Meet The 2 New Food Critics At The LA Times
A month after the Los Angeles Times named Peter Meehan as its new food editor, the paper has announced who will fill the shoes of late restaurant critic Jonathan Gold. It's gonna take two people because those are some big shoes to fill.
My path crossed briefly with @BillAddison & he brought my work to the attention of @latimesfood. Because of his support, generosity & encouragement, I now get to work alongside him, one of our country's best food writers. A deeply thoughtful, intelligent writer AND a true mensch. https://t.co/9NI9hEAEzO— Patricia I. Escárcega (@piescarcega) November 16, 2018
The paper also hired Lucas Peterson, former host of Eater's Dining on a Dime and the Frugal Traveler columnist for the New York Times, to host a new video series and contribute to the food and travel sections.
The three new hires all start in December.
They join Meehan, acting food editor Jenn Harris, test kitchen director Noelle Carter and writers Andrea Chang and Amy Scattergood to round out what is, once again, a robust food section. In fact, this is probably the most robust food section the L.A. Times has had in more than a decade.
Addison has been the national critic at Eater, wher he compiled many of the site's best-of restaurant lists. He previously reviewed restaurants for Atlanta magazine, the Dallas Morning News and the San Francisco Chronicle.
Addison tells Take Two he has always been impressed by L.A.'s food scene.
"I have been saying for years that Los Angeles is absolutely the most exciting food city in America. Two things that I have noticed in my frequent travels to Los Angeles: Number one is the dining public is incredibly engaged. I don't really think that a dining landscape, a city's food ecology, becomes excellent without diners of all kinds really willing to support restaurants of all kinds. Also, I find the chefs here have a really nimble approach to both tradition and innovation in any cuisine that they choose."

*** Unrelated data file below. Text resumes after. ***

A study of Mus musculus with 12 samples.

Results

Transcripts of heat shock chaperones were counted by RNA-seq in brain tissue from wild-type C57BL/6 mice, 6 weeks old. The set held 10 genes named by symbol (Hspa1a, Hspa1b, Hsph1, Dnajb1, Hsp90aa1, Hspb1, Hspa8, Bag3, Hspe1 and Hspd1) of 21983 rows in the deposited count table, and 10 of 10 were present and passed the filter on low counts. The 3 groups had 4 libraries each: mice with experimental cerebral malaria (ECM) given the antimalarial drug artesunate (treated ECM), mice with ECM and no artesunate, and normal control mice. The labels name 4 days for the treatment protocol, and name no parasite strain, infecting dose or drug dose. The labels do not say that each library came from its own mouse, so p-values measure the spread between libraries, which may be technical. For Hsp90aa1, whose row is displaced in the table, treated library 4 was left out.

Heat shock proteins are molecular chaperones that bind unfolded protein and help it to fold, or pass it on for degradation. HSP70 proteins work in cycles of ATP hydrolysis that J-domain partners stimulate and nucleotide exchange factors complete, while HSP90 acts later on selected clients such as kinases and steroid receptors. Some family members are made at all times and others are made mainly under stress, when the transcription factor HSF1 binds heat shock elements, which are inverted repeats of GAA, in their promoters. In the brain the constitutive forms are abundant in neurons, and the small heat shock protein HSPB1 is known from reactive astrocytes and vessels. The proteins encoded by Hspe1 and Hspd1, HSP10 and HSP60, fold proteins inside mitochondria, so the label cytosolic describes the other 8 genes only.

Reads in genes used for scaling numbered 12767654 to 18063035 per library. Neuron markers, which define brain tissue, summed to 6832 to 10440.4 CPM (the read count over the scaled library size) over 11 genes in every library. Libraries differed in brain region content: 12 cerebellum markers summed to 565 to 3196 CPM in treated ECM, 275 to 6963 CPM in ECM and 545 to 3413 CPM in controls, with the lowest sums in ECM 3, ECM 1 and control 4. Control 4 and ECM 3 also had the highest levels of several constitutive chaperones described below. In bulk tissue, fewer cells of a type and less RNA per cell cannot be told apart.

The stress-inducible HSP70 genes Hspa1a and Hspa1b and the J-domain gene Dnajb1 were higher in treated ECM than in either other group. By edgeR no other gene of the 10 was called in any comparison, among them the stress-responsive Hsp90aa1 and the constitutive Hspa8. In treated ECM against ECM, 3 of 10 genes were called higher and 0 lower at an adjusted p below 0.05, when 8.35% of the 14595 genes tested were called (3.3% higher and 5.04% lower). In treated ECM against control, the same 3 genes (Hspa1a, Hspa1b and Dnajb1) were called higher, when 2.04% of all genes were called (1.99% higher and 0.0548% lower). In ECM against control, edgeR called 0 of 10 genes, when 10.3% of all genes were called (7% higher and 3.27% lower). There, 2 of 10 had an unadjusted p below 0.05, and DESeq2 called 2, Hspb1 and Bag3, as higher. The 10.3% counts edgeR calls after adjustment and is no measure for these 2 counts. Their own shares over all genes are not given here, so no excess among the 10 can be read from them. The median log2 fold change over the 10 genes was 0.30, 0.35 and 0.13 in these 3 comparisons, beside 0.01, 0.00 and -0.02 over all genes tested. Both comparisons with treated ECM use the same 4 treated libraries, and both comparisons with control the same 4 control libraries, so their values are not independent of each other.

Escárcega, who was born and raised in Riverside, is a food writer at the Arizona Republic and was the restaurant reviewer at the Phoenix New Times for three years.
"I'm hardly the first one to say this, but Los Angeles is home to the richest, most diverse food scene in the country," she says via email. "Its mosaic of cultures and its proximity to some of the top agricultural valleys in the world are unparalleled. It's a city that's thriving on its diversity, on its abundance of quality products and on the determination of entry-level self-starters. It's an energetic city full of invention and possibility. It's been my favorite food city for many years, and I'd like to think that's not just because I have local ties to the area."
Escárcega hopes her writing will lead readers to think deeper about what they're eating, especially in the age of Yelp, when everyone's a critic.
"I'm interested in food criticism as an engaging and ongoing conversation. Eating is a basic human enterprise that cuts across all borders and sociological labels, so it's an accessible way to talk about what's happening in the culture at large. It's such a useful lens for talking about all kinds of things. My aim is to file reviews that help spark discussion about what's happening in Los Angeles, and what that means for the city and beyond," she says.
Addison also believes the job of a restaurant reviewer goes beyond a thumbs up/thumbs down approach.
"Good food critics offer context, they offer a narrative, they offer cultural parameters... how this restaurant, how this chef plays into the landscape, what neighborhood is he in. That's always the real work of a restaurant review.
Peterson, in addition to hosting Dining on a Dime, is a Jeopardy champion and former actor. He speaks multiple languages including Mandarin, Spanish and German.
The press release also said the Times is "currently developing additional platforms to produce and share coverage and building a new state-of-the-art test kitchen."